Associate Professor of Biology Dan Stoebel (pictured) and his colleagues, including Associate Professor of Biology Eliot Bush and seven Harvey Mudd students and alumni, have published a paper, “Genome-Wide Transcriptional Response to Varying RpoS Levels in Escherichia coli K-12,” in the American Society for Microbiology’s Journal of Bacteriology. Garrett Wong ’14, Alicia Schep ’11, Suzannah Beeler ’15, Lauren Shull ’14, Lakshmi Batachari ’18, Moira Dillon ’18, Carla Becker ’18, Ciaran Evans ’16 (POM) and Pomona College Professor of Mathematics Jo Hardin are co-authors on the paper, which is the culmination of research begun in the Stoebel lab in 2010.
The research covered in the paper explains how the E. coli global transcriptional regulator RpoS regulates the expression of genes according to the bacteria’s specific environment. Unlike larger organisms, which can make physical changes to adapt to environmental stressors (a human putting on a jacket when the temperature drops, for example), bacteria have to turn the expression of genes up or down to deal with environmental changes. The research project gives scientists a better understanding of how this system works.
One development revealed by this research is that RpoS, which was already known to be a mass regulator of stress responses in E. coli, in fact regulates about a quarter of the genes in the entire E. coli genome. Researchers also concluded that the level of RpoS the cell produces determines which genes are expressed and to what level. By isolating specific genes that tend to be associated with specific kinds of stress responses, researchers identified patterns that correlate with different environmental conditions. These patterns offer researchers the ability to make predictions about the effects; for example, for E. coli to be resistant to a highly acidic environment, it would have to produce much more RpoS than it would to survive starvation. In addition, they lend a new kind of insight into the basic mechanisms that cells use to coordinate how their genes are expressed.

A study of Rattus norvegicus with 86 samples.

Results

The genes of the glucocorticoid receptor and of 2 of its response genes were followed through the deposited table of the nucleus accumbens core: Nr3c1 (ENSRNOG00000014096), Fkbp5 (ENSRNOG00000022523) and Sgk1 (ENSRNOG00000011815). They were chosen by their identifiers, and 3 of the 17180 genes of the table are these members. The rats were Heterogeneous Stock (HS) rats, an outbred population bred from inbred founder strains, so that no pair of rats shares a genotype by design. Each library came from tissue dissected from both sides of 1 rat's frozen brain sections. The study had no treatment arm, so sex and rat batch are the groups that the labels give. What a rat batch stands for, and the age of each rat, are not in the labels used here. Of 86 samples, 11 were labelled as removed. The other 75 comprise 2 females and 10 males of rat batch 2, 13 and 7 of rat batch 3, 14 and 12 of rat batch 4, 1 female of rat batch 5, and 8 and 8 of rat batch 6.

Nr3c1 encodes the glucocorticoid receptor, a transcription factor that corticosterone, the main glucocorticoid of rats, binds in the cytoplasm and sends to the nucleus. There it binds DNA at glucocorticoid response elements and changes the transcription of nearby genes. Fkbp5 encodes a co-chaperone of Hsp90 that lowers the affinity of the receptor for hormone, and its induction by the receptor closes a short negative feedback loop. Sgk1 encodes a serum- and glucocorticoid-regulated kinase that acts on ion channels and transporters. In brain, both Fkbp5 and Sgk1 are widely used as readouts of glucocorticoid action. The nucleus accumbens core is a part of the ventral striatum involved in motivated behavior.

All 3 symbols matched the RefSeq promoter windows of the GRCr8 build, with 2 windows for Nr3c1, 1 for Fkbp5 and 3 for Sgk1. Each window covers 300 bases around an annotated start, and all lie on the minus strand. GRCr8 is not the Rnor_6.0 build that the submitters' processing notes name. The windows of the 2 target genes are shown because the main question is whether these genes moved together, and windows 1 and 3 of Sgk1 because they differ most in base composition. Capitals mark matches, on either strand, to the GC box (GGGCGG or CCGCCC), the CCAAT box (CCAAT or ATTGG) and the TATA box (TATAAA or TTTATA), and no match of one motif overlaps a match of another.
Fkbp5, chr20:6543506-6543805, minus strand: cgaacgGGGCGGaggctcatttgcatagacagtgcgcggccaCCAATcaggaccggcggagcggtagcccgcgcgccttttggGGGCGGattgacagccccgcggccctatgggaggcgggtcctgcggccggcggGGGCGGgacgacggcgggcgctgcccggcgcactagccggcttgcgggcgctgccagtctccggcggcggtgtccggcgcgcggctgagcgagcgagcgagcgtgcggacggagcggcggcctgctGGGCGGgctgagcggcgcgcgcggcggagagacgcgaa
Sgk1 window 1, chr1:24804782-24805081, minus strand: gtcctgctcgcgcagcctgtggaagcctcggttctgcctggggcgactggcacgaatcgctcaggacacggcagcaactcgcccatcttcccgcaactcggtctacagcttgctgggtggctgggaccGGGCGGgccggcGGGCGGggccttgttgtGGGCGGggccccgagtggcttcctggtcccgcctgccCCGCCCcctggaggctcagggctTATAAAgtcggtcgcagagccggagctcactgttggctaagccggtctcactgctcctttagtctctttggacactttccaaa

As is usually the case with research of this kind, answers to some questions lead to new questions that spur new research projects. “Our next goal is to understand the consequences for the cell when some genes look one way and others look another way, and how we can understand why genes are expressed in one way or another. That’s really where this research is going,” says Stoebel.
Stoebel, who is on sabbatical during the 2016-2017 academic year, is also studying the evolution of this system in related species of bacteria. He looks forward to continuing his research with Harvey Mudd students beginning this fall.